Jean-Pascal Pouzet (Limoges) Describing codicological structures in western medieval manuscripts (Seminar in Palaeography and Manuscript Studies, 21 October 2013)
More than an introduction to the structure of manuscripts, Jean-Pascal Pouzet presented a series of suggestions with regard to the layers of evidence to be examined to determine the structure of the text block currently present in any manuscript volume, and the nature, or possibly the changing nature, of portions of the manuscript through time from its creation to the present day. In effect he asked the class to view codicology as the philology of the material text and to take the study of codicology as one that precedes, as well as needing to work in parallel with, understanding of the palaeographical, art historical, and textual studies that also derive from the manuscript evidence.
Taking his motto from M.R. James, ‘See books for yourselves,’ Pouzet displayed in the class the manuscripts MS Bodley 801, MS Digby 177, MS Douce 137 and MS e Musaeo 62 to demonstrate in each case the different ways that fascicles and booklets had been joined to produce different types of collections within these volumes.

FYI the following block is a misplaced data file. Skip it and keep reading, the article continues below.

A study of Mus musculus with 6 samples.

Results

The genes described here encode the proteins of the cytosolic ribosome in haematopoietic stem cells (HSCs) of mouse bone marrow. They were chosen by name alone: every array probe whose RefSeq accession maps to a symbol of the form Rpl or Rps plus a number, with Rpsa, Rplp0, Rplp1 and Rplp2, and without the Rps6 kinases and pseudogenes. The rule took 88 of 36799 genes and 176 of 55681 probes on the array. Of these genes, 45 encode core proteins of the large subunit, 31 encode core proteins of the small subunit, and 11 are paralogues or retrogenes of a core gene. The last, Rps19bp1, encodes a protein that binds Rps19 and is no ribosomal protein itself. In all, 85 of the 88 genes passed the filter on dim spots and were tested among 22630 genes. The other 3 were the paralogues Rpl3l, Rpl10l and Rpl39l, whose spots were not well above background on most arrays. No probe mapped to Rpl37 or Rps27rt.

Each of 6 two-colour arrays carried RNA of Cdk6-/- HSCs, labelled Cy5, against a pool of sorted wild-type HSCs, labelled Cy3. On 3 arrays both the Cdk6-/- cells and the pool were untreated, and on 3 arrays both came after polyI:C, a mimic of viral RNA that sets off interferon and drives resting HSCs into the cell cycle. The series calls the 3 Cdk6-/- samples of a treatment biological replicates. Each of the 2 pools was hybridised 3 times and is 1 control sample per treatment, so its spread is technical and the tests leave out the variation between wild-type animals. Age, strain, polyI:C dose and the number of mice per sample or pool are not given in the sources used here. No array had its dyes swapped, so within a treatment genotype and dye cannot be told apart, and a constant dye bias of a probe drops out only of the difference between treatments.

Pouzet emphasized the importance of exact terminology in describing codicological and textual units, and in particular attempted to refine the concepts of the booklet and the fascicle.
‘Fascicle’ he distinguished as a unit which is materially marked out and possibly intellectually self-contained, but designed to exist within a particular collection rather than independently. The ‘booklet’ is something Pouzet, developing the term as used by Pamela Robinson, Ralph Hanna, Eric Kwakkel [whose Lowe Lectures will be heard at Corpus Christi College, Oxford, in Trinity Term 2014] and Alexandra Gillespie, identified as a physically and intellectually self-contained unit. It is then the movement of these parts through time, from their creation to later movements into and out of collections, changing the structural forms of manuscript books, that defines the type of collection, that is, the way the manuscript book was formed and a suggestion of the cultural intention behind the formation.
(From my own point of view, this discussion is reminiscent of similar attention that is given in the cataloguing of printed materials to describing and distinguishing the following aspects: the intellectual work; the matrix from which letters and images are printed; and the composite item which constitutes the edition; not to mention the individual item as held in a library; see a related discussion deriving from counting the catalogue records of broadside ballads.)